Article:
Who am I?


Sunday, April 27, 2014

Rob you, Rape you, Kill you!

Why do we find it so difficult to break stereotypes? It’s a question I have asked myself many times. We, as a nation of believers, like to have our own opinion of the world around us. Sadly, most of that opinion is shaped by a need for conformity, a desire for acceptability, manifested contemporarily as an itch for “likes” on a picture, a habit of appearing politically acceptable, of “networking” and “creating contacts” in today’s hyper-connected world of super-globalisation. If we think about it, it’s easy to see what we left behind. There are no moral underpinnings to our behaviour, no value strings attached that can hold our actions upright. In such a constraining and compromising environment, it is no surprise that it becomes all the more difficult to come out of the stereotypes we as a society have bathed in, since centuries together.

Staring at a black African more stingingly than deserved, with that enquiring, revelatory look which we give to a giant panda we see for the first time in a zoo, is a common sight in our great country.  Little do we realise that if it’s fascination for us, it’s humiliation and degradation for the other person. Walking the streets of Mumbai, or exploring the mohallas of Delhi, or strolling through the alleys of Kolkata, he is badly discriminated against, again and again, so much that he turns inwards. He is frightened to talk to people, as anyone he tries to approach is already staring at him with panic, or mildly disguised disgust. In a nation of brown skins all around, although not much different from them, the guy with the black skin becomes a loner. People say, yeah, see I told you, those niggers are not to be trusted. They keep to themselves, always devising a devious plan to rob you, rape you or kill you. Beware! And the stereotype continues.

The same can be said about the transgender community. There are fears propagated, since millennia, in the Indian society and a strict direction to stay away from them. We look at them in disgust, always wondering why they don’t have anything better to do than pestering us when we're going to the office, or persecuting us when we are travelling on the train (Gosh! There’s nowhere to escape! It’s dreadful!), or pushing their hand towards our face when the auto-rickshaw we are in has stopped at a signal. We do not want to realise that they do not have a single profession to look towards, as for all of those professions, organised or unorganised, transgenders do not exist at all! They get no employee benefits and are forced to look at “immoral” vocations like prostitution, beggary or whatever we call the confronting-and-asking-money-on-the-train. This very act of theirs further cements our stereotype. See I told you. They are not human beings. Stay away from them or they will rob you, rape you or kill you!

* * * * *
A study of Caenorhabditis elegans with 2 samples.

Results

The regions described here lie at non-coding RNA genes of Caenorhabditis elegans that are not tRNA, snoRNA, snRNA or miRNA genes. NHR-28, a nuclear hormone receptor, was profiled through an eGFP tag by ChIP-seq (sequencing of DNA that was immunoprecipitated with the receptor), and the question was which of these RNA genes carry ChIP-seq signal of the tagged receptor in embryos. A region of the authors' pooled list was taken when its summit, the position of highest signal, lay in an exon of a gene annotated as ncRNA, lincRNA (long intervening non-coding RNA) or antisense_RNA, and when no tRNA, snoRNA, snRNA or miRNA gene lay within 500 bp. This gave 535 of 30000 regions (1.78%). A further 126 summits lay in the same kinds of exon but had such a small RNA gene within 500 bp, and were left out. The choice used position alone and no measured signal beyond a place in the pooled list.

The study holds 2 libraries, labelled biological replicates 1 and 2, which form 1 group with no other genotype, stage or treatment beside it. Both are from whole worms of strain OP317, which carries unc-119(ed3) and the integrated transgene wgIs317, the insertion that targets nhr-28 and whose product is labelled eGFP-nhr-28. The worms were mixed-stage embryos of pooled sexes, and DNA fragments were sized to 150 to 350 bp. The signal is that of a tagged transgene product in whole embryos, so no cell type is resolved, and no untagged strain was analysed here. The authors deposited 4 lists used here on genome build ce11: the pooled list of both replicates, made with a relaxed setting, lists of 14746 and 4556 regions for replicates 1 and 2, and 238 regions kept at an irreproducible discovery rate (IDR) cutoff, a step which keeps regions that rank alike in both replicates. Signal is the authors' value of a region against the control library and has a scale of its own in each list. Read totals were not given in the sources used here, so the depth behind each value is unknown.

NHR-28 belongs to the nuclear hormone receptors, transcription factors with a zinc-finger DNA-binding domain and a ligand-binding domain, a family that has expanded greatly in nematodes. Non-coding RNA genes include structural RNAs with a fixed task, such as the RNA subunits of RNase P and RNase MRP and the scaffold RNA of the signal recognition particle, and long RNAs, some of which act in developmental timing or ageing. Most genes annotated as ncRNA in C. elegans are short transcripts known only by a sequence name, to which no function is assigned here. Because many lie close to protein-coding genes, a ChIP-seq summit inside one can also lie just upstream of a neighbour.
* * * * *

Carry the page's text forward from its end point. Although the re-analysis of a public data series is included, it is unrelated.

There’s another group of people among us who are not visually any different from the “privileged normal” ones among us. But precisely for that very reason, when revealed who they actually are, they are reviled, threatened, pressurised and bullied in the most horrendous ways. They cannot be easily avoided, as they are allowed the same jobs that the “privileged normal” amongst us enjoy (since they look exactly like the “privileged normal” – unlike the blacks and the hijras, in common parlance). They are the ones who have lived in a psychological cage, where they grow up with the trauma of the realisation that they are quite different from everyone else, especially from how everyone expects them to be. He realises he is attracted to his guy friends, a tendency which, around him, is already cruelly joked about. She grows up confused and one day accepts herself for her same-gender sexual preference. Still, he and she are expected to behave normal, be normal, accept the institutions of marriage (with a person from the opposite sex ofcourse, you silly!); while those among them who have behavioural characteristics of the opposite sex, are made a pariah early on in their lives, and being stigmatized, lambasted and attacked has been a norm for them. We destroy a person’s will to live. 

For the others, some dare to come out of the closet. The others are forced live a life of conformity, looking for means to “vent” their natural instincts (see, we told you they are perverts!) and die a death every single day of their lives. While we don’t even know about their existence till we grow old enough. Our teachers don’t talk about gays, while our parents pretend they do not even know who these people are (yeah it’s true, they are actually aliens!), and we grow up in ignorance when one day we hear a joke about “them”. That is how we first hear about their existence among us. We live our lives assuming no one around us might be suffering from that lifelong “sickness”, and it is no wonder the “afflicted” among us never open up to us, and live a life of mental agony like no other, being around everyone, yet always alone. Oh yeah, don’t you know, they all have AIDS! Stay away from them. Don’t you know that if given a chance, they will rob you, rape you or kill you!

The link to the pic above:

1 comment:

  1. Indeed a great article. As far as you views are concerned, well, I for myself, very much fall in consensus with them. I guess, we as Indians, were never quite provided with the liberty to go and scan around, leaving our brains half baked and due to this lack of exposure we have an abhorrence (not apathy) towards such people or incidences. I might be wrong though. But anyways keep writing dude, you are good.